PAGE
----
Why Most Investors Lose Money — And How Not To Be One Of Them
Today’s essay is going to be different than usual. I’ve decided not to profile a single company.
Instead, I want to change the way you think about investing. My goal is that by the time you finish reading this essay, you’ll never buy a stock again unless you plan on owning it and letting it compound your wealth for years.
Sadly, based on experience, I can say confidently that most of you will not follow my advice. But I’m convinced that those who do will be better — and wealthier — investors because of it.
For privacy, I won’t publish this subscriber’s name. But here’s what he wrote me in the middle of a market sell-off where our Top Stock Advisor portfolio continued to beat the S&P 500:
“The report should give an overview of performance, and suggested stop loss levels on the recommended securities.
“Frankly, the performance of late does not inspire.”
Now, I don’t personally know this subscriber. I don’t know which securities he owns in his portfolio, and I don’t know his investing track record. But I’d be willing to bet that more often than not, this investor loses money in the market.
How do I know that? Because he is focused too heavily on short-term swings.
The instant a stock falls, investors want to know whether they should sell. It doesn’t matter if the underlying company is performing well or not — the fear of losing money is simply too much for most small investors to stomach.
I’m convinced this is why most investors lose money in the market. The underlying problem is that most of us are prisoners of short-term thinking.
#-ad_banner-#For literally thousands of years, humans have been conditioned to think in the short-term. Our focus has been on survival. We needed to ensure we had another meal… a warm place to sleep… and that we were safe…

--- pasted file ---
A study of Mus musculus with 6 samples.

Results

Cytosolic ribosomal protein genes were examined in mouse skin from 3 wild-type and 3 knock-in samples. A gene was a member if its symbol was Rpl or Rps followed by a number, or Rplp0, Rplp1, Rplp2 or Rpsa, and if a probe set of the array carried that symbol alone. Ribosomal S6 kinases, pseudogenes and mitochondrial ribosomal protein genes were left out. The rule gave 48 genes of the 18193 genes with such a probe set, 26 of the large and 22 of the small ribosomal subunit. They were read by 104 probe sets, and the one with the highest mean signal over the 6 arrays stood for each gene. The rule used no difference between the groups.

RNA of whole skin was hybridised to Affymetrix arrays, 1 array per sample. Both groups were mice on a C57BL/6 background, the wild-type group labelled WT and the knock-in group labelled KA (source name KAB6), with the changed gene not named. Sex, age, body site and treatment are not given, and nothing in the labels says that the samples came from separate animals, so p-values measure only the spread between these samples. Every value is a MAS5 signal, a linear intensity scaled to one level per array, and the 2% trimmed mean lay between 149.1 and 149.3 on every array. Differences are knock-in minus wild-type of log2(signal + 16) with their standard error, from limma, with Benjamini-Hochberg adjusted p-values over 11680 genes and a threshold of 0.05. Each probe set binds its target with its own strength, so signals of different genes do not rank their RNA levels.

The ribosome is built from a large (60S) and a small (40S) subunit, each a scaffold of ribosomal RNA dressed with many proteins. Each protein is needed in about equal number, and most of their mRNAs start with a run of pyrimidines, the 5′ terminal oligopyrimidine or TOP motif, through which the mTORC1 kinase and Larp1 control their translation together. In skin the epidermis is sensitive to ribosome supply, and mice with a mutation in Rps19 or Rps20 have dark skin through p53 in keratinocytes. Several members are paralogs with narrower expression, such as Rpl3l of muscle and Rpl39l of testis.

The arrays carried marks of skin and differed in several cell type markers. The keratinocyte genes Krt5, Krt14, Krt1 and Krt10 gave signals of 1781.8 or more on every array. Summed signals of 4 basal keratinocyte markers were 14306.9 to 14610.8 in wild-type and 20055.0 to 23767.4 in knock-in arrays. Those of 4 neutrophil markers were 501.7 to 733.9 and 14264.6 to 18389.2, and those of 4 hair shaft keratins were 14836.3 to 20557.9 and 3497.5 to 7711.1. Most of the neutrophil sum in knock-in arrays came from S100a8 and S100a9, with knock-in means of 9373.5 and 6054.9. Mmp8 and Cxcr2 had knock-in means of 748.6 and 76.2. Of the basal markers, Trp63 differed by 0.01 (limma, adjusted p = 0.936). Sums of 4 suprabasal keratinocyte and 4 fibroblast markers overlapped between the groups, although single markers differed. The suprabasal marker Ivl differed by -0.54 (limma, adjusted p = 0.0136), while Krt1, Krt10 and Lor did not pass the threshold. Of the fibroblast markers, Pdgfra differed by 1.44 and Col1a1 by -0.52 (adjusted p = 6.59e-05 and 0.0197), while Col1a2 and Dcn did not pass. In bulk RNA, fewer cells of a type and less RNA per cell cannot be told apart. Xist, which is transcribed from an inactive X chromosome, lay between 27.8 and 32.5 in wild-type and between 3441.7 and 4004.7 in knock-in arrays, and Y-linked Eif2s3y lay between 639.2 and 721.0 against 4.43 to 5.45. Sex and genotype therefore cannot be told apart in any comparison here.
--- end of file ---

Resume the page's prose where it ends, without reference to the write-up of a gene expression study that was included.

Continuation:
Even today, long-term thinking doesn’t come naturally. That’s why so many people have trouble saving for retirement… and why politicians always wait until the last possible moment to pass crucial legislation… and why so many investors focus only on the short-term — fretting over day-to-day performance and forgetting that investments are meant to grow their wealth over a long period.
The good news is that even if you don’t have decades to invest, you can still generate significant returns in a few years.
I’ve already explained one part of the process: time. If your goal is to get rich “overnight,” then you should go buy a handful of lottery tickets. By contrast, it takes years to earn truly life-changing wealth in the stock market.
That certainly doesn’t mean you can’t see gains of 20% or 30% in a year. But truly life-altering investments — those that return hundreds or thousands of percent — take years to reach their full potential.
But time alone won’t make you wealthy. There’s another factor that’s much more important…
I’m talking about dividends — namely, dividend growth.
Now, dividends aren’t sexy. They don’t grab headlines in the Wall Street Journal or get Jim Cramer shouting at the top of his lungs on CNBC.
But as I’ve explained many times before, a solid company that grows its dividend each and every year can lead to a staggering amount of wealth over time.
I’m telling you this now, because volatile markets are simply something investors will have to deal with for the foreseeable future. There will be times of calm, and I believe over the long term the market will move higher. But thanks to serious debt problems in the developed world and tepid growth worldwide, the market will continue to swing, sometimes wildly.
Although I’d love to see a steadily rising market, these selloffs are opportunities to pick up shares of great stocks that pay rising dividends at bargain prices.
That’s how my Top Stock Advisor subscribers view the market, and you should too.
If you looked back at the past century, then you’d see there hasn’t been a single sell-off that didn’t later turn out to be a terrific opportunity to buy stocks, assuming you bought solid companies at attractive prices and had the resolve to hold them for the long term.
This includes The Great Depression… the sell-off in 1937… the sell-off between 1973-74… the 1987 crash… the “Dot-com” crash… and the most recent financial crisis and recession.
All of these times turned out to be wonderful opportunities to buy. I understand why many investors get nervous, but successful investors use these periods to load up on solid stocks that have a proven history of raising their dividends — and they generate enormous profits in the process.